Vitamin D or Tamoxifen to prevent Breast Cancer ?


This is a slightly edited version of a personal message to me from Professor Cedric Garland about the NICE & NHS decision to offer Tamoxifen or Raloxifene to UK women who may have a higher than average risk of Breast Cancer:

“This is a great example of an organization selecting the a completely wrong solution to a problem.

It must be this approach that the big breast cancer organizations have in mind when they mention eradication of breast cancer by 2020.

This is probably driven mainly by Big Pharma who stand to make billions from patented drugs that people have to take every day to prevent a disease, even if they cause other diseases. If their aproach is used, it will be an empty promise by 2020 or any year.

If anyone could send me any citations they may have seen touting the efficacy of Tamoxifen or Raloxifene in preventing…


From BBC News:

The breast cancer risk for British Asian women has increased, a study carried out in Leicester suggests.

Historically women from this ethnic group have had a lower risk of the disease than white British women, the University of Sheffield team said.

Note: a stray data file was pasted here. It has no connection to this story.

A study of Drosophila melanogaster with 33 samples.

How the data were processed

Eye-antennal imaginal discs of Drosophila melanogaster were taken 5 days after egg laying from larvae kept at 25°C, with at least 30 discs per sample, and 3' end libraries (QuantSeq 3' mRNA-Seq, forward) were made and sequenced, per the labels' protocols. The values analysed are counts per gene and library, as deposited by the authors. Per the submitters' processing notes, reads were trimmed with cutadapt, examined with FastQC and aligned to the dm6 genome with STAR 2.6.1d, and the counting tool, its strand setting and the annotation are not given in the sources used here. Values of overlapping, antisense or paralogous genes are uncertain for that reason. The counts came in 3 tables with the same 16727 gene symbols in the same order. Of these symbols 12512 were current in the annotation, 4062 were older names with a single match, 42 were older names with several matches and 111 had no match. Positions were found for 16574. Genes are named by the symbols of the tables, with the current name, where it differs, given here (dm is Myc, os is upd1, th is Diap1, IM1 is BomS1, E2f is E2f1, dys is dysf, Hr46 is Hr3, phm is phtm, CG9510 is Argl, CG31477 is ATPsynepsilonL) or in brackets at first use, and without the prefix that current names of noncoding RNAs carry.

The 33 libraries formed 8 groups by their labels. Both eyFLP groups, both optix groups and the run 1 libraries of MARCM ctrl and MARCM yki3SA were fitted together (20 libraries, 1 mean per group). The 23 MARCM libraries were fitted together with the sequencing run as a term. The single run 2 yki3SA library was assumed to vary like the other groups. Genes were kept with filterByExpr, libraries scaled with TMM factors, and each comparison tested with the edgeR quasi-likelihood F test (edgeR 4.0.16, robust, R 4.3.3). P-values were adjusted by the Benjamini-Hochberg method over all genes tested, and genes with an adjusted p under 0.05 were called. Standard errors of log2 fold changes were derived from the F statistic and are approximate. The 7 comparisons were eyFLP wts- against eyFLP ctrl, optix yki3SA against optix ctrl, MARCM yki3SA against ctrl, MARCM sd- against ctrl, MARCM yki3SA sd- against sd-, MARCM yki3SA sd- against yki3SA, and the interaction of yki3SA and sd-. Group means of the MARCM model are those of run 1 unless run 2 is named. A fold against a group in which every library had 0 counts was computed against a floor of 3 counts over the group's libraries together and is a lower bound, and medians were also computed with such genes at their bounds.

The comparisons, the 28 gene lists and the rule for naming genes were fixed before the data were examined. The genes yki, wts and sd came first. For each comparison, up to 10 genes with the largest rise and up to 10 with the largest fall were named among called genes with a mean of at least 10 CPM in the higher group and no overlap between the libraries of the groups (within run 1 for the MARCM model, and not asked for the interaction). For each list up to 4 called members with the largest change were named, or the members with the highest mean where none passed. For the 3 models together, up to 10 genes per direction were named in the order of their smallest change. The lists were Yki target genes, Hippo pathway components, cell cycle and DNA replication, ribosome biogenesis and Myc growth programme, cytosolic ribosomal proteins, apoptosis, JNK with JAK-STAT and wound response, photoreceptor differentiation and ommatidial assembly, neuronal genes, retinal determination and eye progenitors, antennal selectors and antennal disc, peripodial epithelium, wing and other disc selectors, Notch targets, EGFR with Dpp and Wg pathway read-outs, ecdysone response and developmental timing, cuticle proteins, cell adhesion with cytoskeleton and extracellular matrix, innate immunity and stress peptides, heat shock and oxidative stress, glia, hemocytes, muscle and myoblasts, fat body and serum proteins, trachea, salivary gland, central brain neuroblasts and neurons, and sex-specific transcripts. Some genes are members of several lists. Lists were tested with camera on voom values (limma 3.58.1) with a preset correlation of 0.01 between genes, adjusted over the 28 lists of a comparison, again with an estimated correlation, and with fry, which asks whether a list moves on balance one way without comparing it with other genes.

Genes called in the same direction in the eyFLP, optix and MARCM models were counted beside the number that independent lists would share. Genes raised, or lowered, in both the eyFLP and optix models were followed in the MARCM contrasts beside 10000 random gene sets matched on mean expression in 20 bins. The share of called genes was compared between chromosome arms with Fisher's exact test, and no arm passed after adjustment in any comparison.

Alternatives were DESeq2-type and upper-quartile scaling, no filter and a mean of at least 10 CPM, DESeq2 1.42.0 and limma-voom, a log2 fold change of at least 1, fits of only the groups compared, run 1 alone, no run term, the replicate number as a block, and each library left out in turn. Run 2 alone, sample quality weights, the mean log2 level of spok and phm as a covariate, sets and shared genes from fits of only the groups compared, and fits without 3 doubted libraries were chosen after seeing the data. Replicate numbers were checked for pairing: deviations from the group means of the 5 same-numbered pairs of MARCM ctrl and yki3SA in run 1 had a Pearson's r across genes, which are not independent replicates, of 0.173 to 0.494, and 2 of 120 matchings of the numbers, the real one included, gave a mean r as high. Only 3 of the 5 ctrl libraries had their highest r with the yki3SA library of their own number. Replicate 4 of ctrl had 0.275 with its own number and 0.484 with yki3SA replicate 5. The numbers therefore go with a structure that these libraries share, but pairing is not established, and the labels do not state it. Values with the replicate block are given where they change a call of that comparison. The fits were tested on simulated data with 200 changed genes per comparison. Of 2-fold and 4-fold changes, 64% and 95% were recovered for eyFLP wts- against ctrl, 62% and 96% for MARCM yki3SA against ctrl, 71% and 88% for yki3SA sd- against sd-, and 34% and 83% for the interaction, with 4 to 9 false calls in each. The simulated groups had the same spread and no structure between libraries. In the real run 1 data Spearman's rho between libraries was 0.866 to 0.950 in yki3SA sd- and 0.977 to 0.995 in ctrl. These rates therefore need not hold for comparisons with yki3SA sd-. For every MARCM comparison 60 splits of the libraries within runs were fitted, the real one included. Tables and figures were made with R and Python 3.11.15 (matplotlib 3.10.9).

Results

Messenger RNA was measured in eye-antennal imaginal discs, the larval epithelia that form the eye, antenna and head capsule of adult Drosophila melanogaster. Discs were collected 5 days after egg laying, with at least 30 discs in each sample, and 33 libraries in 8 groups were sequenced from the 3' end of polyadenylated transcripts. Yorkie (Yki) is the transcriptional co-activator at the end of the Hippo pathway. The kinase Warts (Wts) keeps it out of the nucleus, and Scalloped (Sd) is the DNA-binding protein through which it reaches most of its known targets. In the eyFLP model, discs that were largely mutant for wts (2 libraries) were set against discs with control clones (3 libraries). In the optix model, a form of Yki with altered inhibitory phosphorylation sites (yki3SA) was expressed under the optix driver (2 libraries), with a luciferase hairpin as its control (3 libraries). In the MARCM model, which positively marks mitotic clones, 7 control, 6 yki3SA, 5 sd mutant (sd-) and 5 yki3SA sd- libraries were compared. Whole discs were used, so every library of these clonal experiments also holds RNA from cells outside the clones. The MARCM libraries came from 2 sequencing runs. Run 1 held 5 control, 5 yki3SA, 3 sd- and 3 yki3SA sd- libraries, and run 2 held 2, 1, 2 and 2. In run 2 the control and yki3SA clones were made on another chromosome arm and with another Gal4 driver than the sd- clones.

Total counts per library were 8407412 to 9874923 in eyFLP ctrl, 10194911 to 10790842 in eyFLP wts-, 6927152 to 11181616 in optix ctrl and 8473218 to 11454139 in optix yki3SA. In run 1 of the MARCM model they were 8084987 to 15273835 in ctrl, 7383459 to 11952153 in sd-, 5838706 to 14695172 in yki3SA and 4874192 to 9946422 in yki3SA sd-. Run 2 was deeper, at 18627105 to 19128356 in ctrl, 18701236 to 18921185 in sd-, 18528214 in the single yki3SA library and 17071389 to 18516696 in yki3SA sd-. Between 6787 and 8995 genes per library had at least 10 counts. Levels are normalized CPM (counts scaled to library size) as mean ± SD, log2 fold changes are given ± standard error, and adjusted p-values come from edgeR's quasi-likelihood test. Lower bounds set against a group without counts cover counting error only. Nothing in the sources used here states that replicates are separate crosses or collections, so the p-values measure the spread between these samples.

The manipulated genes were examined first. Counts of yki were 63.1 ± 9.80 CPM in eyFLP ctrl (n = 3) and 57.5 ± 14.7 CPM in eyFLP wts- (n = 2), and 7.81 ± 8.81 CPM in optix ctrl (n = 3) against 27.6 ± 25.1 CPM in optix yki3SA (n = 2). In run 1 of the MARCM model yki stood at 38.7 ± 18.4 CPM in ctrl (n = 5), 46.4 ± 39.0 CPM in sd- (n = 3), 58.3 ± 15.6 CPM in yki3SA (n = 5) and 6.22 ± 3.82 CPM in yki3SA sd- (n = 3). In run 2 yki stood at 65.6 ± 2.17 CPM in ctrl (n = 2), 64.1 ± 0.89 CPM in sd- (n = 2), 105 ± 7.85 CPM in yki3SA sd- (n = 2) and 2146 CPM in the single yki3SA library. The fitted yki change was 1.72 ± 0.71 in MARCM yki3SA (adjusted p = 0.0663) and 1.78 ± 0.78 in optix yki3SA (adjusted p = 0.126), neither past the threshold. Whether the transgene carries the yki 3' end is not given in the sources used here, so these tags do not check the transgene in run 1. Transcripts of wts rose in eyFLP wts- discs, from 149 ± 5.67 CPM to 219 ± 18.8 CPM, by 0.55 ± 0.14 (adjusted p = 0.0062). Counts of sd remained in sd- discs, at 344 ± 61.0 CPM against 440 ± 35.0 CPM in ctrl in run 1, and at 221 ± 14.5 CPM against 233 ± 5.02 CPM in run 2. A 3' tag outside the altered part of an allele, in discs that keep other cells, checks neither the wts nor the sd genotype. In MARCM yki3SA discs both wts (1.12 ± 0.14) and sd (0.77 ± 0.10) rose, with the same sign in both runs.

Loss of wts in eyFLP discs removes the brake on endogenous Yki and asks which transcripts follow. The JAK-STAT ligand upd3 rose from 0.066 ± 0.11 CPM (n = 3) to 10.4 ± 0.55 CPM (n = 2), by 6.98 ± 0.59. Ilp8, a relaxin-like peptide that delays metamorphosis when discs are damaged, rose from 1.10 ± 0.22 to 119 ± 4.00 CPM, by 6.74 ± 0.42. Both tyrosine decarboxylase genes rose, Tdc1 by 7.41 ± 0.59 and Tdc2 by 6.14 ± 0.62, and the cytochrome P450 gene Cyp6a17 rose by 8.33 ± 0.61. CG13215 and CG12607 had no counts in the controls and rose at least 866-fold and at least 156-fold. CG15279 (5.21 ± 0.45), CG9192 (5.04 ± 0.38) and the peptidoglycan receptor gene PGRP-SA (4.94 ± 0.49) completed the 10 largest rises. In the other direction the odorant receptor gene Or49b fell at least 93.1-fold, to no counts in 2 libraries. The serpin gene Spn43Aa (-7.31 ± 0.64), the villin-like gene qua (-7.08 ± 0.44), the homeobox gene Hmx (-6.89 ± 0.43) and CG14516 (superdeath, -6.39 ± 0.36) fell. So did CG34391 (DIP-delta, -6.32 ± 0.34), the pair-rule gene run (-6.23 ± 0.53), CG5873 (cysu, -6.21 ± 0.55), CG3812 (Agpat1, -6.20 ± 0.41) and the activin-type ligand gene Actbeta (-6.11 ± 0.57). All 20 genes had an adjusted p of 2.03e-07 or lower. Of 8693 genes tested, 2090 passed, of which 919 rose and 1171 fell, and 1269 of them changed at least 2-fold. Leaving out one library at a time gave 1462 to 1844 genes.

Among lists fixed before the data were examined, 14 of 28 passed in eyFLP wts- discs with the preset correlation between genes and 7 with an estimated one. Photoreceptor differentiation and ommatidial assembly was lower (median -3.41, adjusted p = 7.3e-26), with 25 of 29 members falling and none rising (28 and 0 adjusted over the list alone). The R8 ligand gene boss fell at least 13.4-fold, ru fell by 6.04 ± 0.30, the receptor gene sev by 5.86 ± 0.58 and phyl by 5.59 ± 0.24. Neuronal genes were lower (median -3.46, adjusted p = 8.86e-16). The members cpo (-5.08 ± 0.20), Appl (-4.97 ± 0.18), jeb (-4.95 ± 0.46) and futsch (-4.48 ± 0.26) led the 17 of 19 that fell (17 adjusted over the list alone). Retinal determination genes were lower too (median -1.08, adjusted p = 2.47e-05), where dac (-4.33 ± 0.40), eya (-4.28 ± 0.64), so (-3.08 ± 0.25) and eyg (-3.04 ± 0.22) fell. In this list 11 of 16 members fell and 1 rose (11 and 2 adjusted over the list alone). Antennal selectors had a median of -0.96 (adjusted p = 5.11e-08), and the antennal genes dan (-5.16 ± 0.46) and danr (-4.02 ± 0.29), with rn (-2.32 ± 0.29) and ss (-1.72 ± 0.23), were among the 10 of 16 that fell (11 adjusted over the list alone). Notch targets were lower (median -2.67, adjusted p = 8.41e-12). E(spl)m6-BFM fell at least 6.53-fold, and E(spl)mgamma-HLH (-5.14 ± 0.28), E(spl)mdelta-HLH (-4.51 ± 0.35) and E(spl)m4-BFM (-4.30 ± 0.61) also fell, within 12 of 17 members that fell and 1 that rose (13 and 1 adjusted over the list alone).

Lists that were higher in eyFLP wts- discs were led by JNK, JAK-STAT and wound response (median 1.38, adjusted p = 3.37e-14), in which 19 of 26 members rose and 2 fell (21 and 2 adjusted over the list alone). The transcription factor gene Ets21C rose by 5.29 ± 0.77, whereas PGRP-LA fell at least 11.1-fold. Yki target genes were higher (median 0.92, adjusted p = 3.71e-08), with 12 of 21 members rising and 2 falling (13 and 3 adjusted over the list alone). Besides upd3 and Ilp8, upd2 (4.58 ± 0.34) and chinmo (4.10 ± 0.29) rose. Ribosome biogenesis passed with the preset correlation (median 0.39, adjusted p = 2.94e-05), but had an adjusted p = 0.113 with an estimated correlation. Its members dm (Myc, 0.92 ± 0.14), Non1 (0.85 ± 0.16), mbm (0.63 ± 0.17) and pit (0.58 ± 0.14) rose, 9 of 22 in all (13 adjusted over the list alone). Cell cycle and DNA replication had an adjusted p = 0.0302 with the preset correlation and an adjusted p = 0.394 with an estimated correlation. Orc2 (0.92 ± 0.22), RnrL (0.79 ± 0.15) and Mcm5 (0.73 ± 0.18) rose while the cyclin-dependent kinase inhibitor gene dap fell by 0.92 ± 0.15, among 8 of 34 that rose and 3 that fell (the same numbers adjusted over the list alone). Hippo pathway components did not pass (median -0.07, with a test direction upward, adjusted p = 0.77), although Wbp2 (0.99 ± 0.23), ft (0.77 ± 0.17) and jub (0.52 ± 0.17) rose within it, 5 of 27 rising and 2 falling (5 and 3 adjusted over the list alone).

But they found breast cancer incidence had risen in recent years for South Asian women.”

I wonder if these are largely British-born women of South Asian descent? These women, unlike their immigrant parents, will not have been born into a world where the amount of sunlight is of any use, regardless of whether they dress highly conservatively.

“Between 2000-2004, South Asian women were found to have a 45% cent lower rate of breast cancer compared with white women.

But by the 2005-2009 period, rates of breast cancer among South Asian women had increased significantly and had risen to be 8% higher than white women, whose rates had not changed significantly.

… “The exact causes behind this change are not clear cut, they could relate to increases in screening uptake among these groups of women, which have in the past been shown to be lower than in other groups.”

Large South Asian – and black – migration to the UK started around the 1950s/1960s (on British appeal to former Empire-ruled regions to fill jobs); many of them will have had children who are about 50-60yrs old now, a fairly untypical age range for breast cancer to arise. We’re probably seeing a growing cohort effect. And it’s not improbable that childhood sun exposure could have a lasting cancer-protective effect even if there is deficiency later in life.